Ellis' Story

When my boss asked me in a low voice to come into her office and close the door, I thought that she was going to tell me she had cancer. I couldn’t imagine what else could make a person look and sound as distraught as she did. Instead, she explained that the man who had been repeatedly calling our office wasn’t just another person in our industry wanting to talk about business, he was harassing her. I don’t remember if she said stalking then or if I understood it to be that. I do remember her - a rock-solid, tough-as-nails, no-nonsense woman - locking herself in her house and missing days of work. I dropped off meals from her favorite restaurant but she couldn’t eat. When she reappeared at work, her already slight frame was that much slighter. She looked tired and gaunt. I felt fiercely protective of her, a boss, yes, but also a mentor, a friend, someone who would become like family.


When I offered to help her manage this, neither of us understood the weight of what we would each have to carry. I printed copies of the emails she had received by then, filling one two-inch binder and then a second one. I carried them, heavy, back to my desk and locked them away. That was the start of collecting evidence, tracking every move he made to try and protect her. In the months and years that followed, I screen-grabbed thousands of tweets and websites he made trying to hurt her reputation, her career, and her. Pictures of her house. Descriptions of where her assigned parking spot was. It became my job to let her know if things escalated, but I lost the ability to tell what might be a real threat. My nerves frayed as I weighed when to give her updates, knowing it would ruin her day and cloud anything else she was working on.


I found his daughter’s Twitter profile and considered contacting her. I figured out what program he was using to track emails he sent to her, so while she never responded he still knew when it was opened, where it was opened, and more information all obtained through this entirely legal method. I tracked down receipts from flowers sent anonymously - fluffy, white peonies that had been her favorite and now left her in a cold sweat. I arranged security guards for her at all public events after he bought tickets to an intimate ceremony where she was being honored. She stopped accepting public-facing speaking engagements or honorary awards, declining opportunities to celebrate the mark she made on our industry. She kept hidden the reasons why, likely coming off to some as cold or distant.


When her alma mater called to tell us they wanted to give her an honorary degree, I asked the woman if she could help me find out who had accessed her school transcript which had been altered to make it look like she hadn’t graduated from the college. That’s when I found the name of the private investigator he hired to track her. I imagined each of these pieces being presented in a courtroom, although I knew inside she wouldn’t pursue a legal case. He had already threatened her if she did, and she knew he was hungry to get into the same room as her, even if it was a courtroom. She was petrified of having to see him. I imagined a perhaps more likely reality, that this would be used as evidence against him if he were to physically attack her. She had started to wish that he would, believing - probably accurately - that was the only way this would stop.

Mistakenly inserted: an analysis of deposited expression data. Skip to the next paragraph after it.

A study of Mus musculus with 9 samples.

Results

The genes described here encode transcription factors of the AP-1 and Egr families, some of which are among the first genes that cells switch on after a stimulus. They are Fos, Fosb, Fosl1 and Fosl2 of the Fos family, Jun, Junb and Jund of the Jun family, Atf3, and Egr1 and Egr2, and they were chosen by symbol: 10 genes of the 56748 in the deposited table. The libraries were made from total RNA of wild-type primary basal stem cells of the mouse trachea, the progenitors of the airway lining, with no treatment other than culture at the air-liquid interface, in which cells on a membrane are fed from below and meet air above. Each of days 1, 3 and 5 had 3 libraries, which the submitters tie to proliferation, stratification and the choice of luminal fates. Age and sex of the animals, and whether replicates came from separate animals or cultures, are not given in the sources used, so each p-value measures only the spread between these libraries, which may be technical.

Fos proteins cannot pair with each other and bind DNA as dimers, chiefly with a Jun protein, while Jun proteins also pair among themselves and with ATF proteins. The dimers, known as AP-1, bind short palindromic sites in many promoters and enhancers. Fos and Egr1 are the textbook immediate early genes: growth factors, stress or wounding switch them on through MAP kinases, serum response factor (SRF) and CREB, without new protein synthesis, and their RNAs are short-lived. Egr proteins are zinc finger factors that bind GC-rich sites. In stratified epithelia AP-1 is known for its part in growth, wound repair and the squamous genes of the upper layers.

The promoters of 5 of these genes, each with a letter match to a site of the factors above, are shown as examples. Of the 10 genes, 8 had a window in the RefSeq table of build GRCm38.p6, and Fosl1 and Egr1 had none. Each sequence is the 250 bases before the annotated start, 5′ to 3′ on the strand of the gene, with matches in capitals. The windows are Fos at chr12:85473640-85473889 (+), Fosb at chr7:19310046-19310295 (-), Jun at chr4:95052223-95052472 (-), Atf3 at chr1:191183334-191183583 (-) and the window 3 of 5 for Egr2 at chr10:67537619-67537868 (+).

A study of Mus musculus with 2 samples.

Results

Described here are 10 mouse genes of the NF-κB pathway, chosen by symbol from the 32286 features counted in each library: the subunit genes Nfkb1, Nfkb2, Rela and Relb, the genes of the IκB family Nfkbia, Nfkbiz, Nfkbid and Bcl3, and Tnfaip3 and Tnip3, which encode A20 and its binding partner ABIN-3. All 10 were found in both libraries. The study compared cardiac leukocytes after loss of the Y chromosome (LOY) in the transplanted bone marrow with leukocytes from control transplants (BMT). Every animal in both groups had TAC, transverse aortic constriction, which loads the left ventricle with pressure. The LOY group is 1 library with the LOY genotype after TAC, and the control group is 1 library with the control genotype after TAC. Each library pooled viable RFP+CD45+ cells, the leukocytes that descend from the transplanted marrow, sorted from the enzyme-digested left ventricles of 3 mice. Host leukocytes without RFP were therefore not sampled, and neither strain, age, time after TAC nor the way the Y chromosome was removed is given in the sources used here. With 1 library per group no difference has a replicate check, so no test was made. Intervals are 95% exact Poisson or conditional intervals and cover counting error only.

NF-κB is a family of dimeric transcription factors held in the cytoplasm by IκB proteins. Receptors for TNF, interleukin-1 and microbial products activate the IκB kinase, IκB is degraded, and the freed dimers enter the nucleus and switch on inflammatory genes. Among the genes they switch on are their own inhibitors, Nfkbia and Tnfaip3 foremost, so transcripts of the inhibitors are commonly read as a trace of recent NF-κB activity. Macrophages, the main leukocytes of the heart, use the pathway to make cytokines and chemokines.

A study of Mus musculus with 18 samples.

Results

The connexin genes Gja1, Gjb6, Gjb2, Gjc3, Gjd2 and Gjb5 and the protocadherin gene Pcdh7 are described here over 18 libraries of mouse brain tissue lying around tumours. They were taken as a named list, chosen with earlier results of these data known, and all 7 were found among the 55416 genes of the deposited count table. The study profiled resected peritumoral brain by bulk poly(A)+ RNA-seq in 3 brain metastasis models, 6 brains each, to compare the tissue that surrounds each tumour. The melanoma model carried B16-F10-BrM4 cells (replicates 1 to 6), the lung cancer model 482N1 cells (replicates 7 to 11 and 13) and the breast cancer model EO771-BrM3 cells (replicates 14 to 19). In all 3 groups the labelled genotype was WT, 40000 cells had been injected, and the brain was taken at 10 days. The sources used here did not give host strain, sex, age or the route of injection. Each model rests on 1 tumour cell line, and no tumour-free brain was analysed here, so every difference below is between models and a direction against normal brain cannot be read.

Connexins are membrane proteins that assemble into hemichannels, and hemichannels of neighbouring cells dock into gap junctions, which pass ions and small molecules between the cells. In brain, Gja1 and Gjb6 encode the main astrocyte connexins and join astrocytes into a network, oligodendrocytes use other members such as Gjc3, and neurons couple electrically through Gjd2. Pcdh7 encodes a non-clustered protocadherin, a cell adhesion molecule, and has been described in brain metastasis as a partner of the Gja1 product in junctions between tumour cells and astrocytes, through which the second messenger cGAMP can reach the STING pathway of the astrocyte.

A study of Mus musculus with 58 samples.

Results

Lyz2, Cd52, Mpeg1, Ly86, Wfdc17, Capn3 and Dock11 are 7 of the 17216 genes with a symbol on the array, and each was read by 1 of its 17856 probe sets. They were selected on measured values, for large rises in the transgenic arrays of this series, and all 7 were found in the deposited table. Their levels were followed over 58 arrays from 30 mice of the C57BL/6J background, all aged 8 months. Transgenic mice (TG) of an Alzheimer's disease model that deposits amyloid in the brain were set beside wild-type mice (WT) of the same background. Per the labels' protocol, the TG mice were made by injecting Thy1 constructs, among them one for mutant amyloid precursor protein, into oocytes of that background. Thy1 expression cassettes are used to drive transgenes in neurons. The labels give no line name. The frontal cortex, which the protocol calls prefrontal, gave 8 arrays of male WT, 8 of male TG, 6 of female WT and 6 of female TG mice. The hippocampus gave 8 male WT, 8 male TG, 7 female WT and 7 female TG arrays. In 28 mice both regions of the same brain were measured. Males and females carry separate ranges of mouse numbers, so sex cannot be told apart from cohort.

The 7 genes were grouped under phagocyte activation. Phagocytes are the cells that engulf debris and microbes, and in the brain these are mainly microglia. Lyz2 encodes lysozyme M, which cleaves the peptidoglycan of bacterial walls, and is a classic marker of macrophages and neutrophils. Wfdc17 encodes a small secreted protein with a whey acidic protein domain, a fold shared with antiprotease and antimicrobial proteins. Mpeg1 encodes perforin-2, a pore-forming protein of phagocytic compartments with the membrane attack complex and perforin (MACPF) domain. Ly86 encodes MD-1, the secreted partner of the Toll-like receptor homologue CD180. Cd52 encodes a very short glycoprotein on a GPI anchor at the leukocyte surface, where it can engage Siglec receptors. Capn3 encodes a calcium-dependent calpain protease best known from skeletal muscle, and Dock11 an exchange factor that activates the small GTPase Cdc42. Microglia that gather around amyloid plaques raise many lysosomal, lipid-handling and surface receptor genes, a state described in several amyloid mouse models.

I started to wonder what I would do if (when?) he came to our unsecured office. Would I run for her office, for the supply closet, for the staircase tucked further away? I would have joked that I would take a bullet for her but… would I? My friends and family told me to step away, that this wasn’t my problem to fix and it wasn’t but I didn’t feel like I could leave her alone with this. I told her as long as she was dealing with him, I would be there with her and I meant it.


I suffered, my career suffered, my life darkened, and I started antidepressants for the first time. After many years, when there finally seemed to be a break in his abuse that lasted more than a month or two, I put in my notice but assured her she could reach out anytime she needed to. She never did. She had always been a deeply private person and this violence perpetrated against her put her at odds with herself, forcing her to discuss things she didn’t want to talk about with people she didn’t want to tell. I don’t know if his abuse started again or not.


What I do know is this: A couple of years ago, she was diagnosed with cancer. I know I’ll never be able to draw a straight line between the years of stress she endured due to this psychological torture and her getting ill at a young age. I do know that when she died shortly after her diagnosis, he attempted to sneak into her funeral, unable to let her rest in peace. That her life was cut short while he still inhabits this world is a cruelness that gets caught in my throat and turns my blood into angry lava that burns through my veins.


I fantasize about confronting him, threatening him, outing him to his peers but I don’t because it’s not my story, not really. It’s hers and it’s one she kept private. This may be the closest I get and it will have to be enough.